Since the introduction of Global Maritime Distress and Safety System (GMDSS) in 1992, the way in which a message from a ship in distress was sent had changed very little from those early days; namely, a radio operator sending a message by morse code or radiotelephone and hoping that another ship (or shore base station if within range) would hear the call and respond.
The system allows search and rescue authorities ashore, as well as shipping in the vicinity of the ship in distress to be rapidly alerted to a distress incident so that they can assist in a co-ordinated search and rescue operation with the minimum of delay.
The Solar Convention
The main objective of the SOLAS Convention is to specify minimum standards for the construction, equipment and operation of ships. Flag States (i.e. those states who have signed the Convention) are responsible for ensuring that ships under their flag comply with the SOLAS Convention’s requirements.
Chapter IV of the Convention mandates the equipping of eligible vessels with GMDSS equipment. It also requires that Flag States provide GMDSS shore-based infrastructure (i.e., Coast Radio Stations) from February 1, 1999.
PNG is a signatory to the SOLAS Convention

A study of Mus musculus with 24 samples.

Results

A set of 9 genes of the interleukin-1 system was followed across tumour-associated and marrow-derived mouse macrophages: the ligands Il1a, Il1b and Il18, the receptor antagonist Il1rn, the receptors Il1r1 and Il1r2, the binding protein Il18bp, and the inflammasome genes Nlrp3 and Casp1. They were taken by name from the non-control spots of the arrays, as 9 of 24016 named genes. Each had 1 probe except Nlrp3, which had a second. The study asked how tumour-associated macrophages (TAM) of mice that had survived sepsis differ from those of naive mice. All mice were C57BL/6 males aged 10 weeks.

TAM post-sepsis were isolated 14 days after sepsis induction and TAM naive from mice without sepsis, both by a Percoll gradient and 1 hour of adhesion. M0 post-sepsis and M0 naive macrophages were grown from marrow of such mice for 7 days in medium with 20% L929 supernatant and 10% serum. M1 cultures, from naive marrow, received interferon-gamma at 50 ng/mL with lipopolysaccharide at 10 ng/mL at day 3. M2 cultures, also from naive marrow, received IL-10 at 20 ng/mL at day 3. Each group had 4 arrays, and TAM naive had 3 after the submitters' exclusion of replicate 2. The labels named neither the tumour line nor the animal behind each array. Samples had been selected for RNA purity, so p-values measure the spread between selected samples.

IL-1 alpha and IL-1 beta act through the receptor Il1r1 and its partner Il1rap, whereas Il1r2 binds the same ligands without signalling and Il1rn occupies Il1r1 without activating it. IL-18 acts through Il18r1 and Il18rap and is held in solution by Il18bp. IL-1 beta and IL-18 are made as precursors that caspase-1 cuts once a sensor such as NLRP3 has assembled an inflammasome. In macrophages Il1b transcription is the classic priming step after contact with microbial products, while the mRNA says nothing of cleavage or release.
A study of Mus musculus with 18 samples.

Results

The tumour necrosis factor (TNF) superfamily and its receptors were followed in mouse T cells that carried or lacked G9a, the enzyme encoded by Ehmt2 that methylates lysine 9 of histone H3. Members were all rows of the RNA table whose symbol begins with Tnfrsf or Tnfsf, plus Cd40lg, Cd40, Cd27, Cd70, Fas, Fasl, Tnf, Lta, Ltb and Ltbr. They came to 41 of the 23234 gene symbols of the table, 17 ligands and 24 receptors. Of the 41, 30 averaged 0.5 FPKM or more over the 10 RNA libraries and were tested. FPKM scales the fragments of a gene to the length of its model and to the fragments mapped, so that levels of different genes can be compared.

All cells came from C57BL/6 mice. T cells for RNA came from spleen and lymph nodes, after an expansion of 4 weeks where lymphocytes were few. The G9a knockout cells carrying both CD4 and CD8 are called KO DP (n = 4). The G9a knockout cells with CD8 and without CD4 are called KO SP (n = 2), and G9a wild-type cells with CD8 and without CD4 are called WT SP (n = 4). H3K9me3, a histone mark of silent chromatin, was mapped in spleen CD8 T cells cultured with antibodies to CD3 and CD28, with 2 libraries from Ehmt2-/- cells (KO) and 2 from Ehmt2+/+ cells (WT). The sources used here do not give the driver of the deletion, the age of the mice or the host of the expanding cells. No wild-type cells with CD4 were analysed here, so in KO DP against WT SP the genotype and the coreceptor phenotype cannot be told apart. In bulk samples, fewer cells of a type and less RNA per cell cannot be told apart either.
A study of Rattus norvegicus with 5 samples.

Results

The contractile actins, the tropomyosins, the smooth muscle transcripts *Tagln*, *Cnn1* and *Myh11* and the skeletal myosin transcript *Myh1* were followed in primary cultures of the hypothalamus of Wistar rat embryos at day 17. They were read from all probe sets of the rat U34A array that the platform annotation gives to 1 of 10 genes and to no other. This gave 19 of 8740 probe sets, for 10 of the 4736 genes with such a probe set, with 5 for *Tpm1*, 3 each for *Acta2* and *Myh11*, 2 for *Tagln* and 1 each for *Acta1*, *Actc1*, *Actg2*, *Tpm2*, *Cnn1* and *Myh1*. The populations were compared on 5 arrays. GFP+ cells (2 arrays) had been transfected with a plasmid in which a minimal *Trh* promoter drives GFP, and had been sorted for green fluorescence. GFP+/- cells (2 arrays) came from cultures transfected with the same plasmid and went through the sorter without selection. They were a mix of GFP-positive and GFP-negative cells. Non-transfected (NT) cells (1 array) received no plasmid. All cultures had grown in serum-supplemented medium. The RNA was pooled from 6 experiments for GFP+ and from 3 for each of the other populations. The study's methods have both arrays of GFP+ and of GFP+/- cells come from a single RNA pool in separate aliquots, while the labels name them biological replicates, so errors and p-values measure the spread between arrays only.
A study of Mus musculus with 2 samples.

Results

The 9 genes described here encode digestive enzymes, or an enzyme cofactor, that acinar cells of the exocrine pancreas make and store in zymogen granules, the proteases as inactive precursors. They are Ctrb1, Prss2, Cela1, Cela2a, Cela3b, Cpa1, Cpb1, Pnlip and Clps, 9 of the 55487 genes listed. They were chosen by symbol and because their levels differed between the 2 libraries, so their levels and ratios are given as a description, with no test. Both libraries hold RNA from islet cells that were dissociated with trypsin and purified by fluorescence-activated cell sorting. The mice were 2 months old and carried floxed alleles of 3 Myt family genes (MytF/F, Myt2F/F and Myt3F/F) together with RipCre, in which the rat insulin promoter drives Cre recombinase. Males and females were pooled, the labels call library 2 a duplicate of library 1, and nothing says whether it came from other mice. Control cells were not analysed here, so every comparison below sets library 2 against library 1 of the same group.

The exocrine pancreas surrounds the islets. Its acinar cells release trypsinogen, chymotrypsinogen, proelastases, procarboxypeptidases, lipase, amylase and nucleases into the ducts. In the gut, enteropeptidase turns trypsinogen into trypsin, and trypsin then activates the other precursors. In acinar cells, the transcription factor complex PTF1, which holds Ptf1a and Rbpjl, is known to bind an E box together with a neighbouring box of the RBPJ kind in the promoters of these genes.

This basic lack of GMDSS and SAR area radio coverage is a critical safety deficiency. The problem is especially serious given the plethora of small craft operating in PNG waters - such vessels rely on radio services from Port Moresby Radio to summon help in an emergency.
In 2008 NMSA, recognizing the urgent need to implement GMDSS in PNG, engaged a consultant to conduct a design study and produce a technical specification suitable for inclusion in a tender.
The design study made a number of recommendations regarding equipment and sustainability. These most critical are summarized below.
It is essential that the system is introduced in a planned and structured manner. The design study identified 5 components to be included in the project, these are summarized in the table below.
Component 1 - is actual upgrade to the Coast Radio Station. The Coast Radio Station comprises 3 sites – the transmitting station, located at Boera Village, site is owned by Telikom (PNG) Limited (on the coast NW of Moresby), the receiving station behind Jackson’s Airport and the operations centre, in the Telikom complex at 5 mile.
All of these sites will be upgraded.
Component 2 - involves an upgrade to the NMSA Rescue Coordination Centre – new computer systems and equipment for monitoring GMDSS broadcasts.
Component 3 - is an upgrade to the GMDSS training equipment at PNG’s maritime college at Madang. This component also involves train-the-trainer courses to endure that the lecturers are up to date with the latest GMDSS techniques and procedures.
Component 4 - provides GMDSS training for the Coast Station staff and also refresher training for NMSA’s Marine Radio Surveyors, who inspect marine radio equipment on PNG ships.
Component 5 - involves re write of PNG’s marine radio legislation to introduce GMDSS requirements and also the conduct of an industry stakeholder workshop to publicize the changes.